Forty-seven per cent of the Australian population (that’s approximately 10.8 million) are functionally illiterate. That means they can’t read the instructions on a medicine bottle, they can’t read a map, they can’t read a recipe.http://www.abc.net.au/local/videos/2012/09/07/3585457.htm
About 4.5 million working-age adults Australians do not have the necessary higher reading and numeracy skills to succeed in work or study
Today, nearly 17% of the world’s adult population is still not literate; two thirds of them women, making gender equality even harder to achieve. The scale of illiteracy among youth also represents an enormous challenge; an estimated 122 million youth globally are illiterate, of which young women represent 60.7%. The 67.4 million children who are out of school are likely to encounter great difficulties in the future, as deficient or non-existent basic education is the root cause of illiteracy. With some 775 million adults lacking minimum literacy skills, literacy for all thus remains elusive. http://www.unesco.org/new/en/education/themes/education-building-blocks/literacy/resources/statistics/
It is estimated that over 1 billion people are currently learning English worldwide. According to the British Council, as of the year 2010, worldwide there were 750 million ‘English as a Foreign Language’ speakers. In addition, there were 375 million ‘English as a Second Language speakers’.
Charlie & Moon
Never open presents on the night before your birthday, especially magical ones. You can never be sure of the quincequonces…
The Adventures of Charlie & Moon by Martin Meader is a fantasy adventure for children about a boy named Charlie Ramsbottom who opens a mysterious birthday present the night before his ninth birthday and the consequences that follow. Moon is a young eagle who needs Charlie’s help to stop an evil toymaker, Skunk Weavel from turning all the eagles and endangered species into stuffed toys. The story is written as a novel and feature film and was published in December 2009 by Crow Flies Press. Finalist in the Juvenile Fiction section of ForeWord Magazine’s Book of The Year Awards 2009.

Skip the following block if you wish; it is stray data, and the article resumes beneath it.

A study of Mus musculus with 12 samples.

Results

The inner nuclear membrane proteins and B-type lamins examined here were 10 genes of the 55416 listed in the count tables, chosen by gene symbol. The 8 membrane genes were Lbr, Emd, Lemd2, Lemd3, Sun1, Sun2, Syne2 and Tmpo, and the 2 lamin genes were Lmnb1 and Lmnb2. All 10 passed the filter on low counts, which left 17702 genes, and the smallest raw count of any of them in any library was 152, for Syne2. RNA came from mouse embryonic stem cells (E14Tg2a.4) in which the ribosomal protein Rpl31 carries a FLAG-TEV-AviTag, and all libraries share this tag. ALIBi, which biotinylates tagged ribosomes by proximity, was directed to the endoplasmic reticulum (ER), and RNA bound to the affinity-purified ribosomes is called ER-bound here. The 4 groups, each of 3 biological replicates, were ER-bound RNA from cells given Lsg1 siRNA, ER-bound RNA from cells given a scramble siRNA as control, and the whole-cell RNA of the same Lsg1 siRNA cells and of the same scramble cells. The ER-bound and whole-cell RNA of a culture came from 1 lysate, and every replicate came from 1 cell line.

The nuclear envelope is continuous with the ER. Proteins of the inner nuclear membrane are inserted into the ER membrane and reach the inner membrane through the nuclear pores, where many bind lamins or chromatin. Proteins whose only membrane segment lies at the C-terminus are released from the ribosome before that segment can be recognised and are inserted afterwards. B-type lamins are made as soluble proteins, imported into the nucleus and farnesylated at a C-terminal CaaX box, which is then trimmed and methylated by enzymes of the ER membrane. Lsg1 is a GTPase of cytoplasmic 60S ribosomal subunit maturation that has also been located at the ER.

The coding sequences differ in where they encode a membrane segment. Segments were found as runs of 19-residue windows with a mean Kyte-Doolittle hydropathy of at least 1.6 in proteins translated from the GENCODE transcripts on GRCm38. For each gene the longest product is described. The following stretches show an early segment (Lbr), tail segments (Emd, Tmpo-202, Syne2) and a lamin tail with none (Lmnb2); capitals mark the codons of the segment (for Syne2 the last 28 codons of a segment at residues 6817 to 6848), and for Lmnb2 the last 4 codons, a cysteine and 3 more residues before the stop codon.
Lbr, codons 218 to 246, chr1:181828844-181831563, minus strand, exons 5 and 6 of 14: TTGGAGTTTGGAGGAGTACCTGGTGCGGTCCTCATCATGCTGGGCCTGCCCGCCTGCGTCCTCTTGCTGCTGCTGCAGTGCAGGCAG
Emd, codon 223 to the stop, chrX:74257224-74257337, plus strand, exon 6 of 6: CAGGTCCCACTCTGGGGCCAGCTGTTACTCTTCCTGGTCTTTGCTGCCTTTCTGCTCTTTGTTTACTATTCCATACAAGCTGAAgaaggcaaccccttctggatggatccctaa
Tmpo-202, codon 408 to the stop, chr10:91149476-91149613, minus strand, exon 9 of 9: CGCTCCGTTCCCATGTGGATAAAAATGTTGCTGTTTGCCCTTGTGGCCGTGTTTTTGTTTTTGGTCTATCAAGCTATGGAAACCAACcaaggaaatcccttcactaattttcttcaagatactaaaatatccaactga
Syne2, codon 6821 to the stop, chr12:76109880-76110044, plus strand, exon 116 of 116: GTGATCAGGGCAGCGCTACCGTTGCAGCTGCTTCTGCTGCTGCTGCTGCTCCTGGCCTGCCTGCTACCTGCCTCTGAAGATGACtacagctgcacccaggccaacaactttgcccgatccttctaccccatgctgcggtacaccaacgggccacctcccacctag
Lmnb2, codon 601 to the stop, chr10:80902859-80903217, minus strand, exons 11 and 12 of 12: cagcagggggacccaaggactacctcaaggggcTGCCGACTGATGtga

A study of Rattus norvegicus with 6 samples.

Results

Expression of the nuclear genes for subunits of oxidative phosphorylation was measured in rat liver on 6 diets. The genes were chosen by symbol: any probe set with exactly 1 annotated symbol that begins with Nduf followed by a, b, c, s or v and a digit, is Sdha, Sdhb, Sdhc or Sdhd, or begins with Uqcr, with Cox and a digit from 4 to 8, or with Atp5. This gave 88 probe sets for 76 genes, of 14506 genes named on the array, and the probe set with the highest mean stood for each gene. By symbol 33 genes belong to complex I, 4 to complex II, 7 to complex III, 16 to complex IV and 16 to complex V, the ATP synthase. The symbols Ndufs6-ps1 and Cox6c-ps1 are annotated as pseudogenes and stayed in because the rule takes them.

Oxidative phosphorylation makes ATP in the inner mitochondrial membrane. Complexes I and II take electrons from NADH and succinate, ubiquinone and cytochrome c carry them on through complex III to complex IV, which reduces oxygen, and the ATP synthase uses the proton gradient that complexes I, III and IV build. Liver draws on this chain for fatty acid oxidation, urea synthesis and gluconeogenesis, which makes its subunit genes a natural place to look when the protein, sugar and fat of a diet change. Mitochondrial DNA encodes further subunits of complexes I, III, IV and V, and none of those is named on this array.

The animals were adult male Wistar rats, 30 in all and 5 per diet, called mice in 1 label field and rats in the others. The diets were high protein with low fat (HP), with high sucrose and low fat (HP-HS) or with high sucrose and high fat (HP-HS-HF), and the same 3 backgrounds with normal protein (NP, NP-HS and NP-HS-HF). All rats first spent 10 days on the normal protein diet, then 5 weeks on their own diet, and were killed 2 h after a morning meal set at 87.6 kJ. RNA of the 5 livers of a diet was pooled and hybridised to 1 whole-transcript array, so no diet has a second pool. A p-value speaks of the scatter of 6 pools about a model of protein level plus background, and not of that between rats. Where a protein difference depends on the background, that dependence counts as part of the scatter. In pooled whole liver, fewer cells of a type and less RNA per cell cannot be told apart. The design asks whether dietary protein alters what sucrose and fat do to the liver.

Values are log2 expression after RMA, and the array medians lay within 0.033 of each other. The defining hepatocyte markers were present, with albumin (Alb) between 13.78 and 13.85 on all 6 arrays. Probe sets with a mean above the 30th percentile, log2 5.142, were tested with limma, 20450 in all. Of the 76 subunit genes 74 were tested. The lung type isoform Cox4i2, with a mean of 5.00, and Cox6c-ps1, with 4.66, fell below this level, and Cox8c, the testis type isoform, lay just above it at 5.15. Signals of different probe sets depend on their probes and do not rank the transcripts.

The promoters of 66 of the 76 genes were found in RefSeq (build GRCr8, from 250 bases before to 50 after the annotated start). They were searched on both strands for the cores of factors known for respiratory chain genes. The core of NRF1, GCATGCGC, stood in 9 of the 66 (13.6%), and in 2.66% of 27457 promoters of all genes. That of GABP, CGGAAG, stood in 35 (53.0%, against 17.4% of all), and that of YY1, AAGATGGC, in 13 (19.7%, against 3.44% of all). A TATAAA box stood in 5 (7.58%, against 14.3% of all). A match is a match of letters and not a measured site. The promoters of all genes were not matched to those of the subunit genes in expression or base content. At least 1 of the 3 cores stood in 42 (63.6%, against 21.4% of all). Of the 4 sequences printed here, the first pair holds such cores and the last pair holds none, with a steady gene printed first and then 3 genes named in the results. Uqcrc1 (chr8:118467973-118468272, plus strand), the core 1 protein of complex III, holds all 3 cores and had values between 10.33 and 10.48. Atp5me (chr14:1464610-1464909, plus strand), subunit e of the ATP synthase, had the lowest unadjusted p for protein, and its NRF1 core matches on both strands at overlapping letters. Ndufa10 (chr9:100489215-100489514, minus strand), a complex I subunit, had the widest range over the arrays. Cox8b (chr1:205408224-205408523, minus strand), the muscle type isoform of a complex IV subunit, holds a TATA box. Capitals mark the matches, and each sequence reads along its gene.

Kat Goddard from The New England Booksellers Association calls The Adventures of Charlie & Moon “charming… especially welcome to younger fans of the Harry Potter books… it has the classic feel and lovely language of Tolkien but with plenty of contemporary bits…”
Jana Laiz, award-winning author of Weeping Under This Same Moon raves, “…maniacally funny, disgustingly hilarious…like Roald Dahl in all his wicked glory…”
Isabel (Year 4, 9 years old) from Western Australia says: “Your book Charlie and Moon is fantastic! It is a fast-moving tale of adventure and everyone should read it. It is very creative and amazingly funny. I could read it 100 times and never get bored. I recommend it to anyone who likes adventure stories. It is a brilliant book.”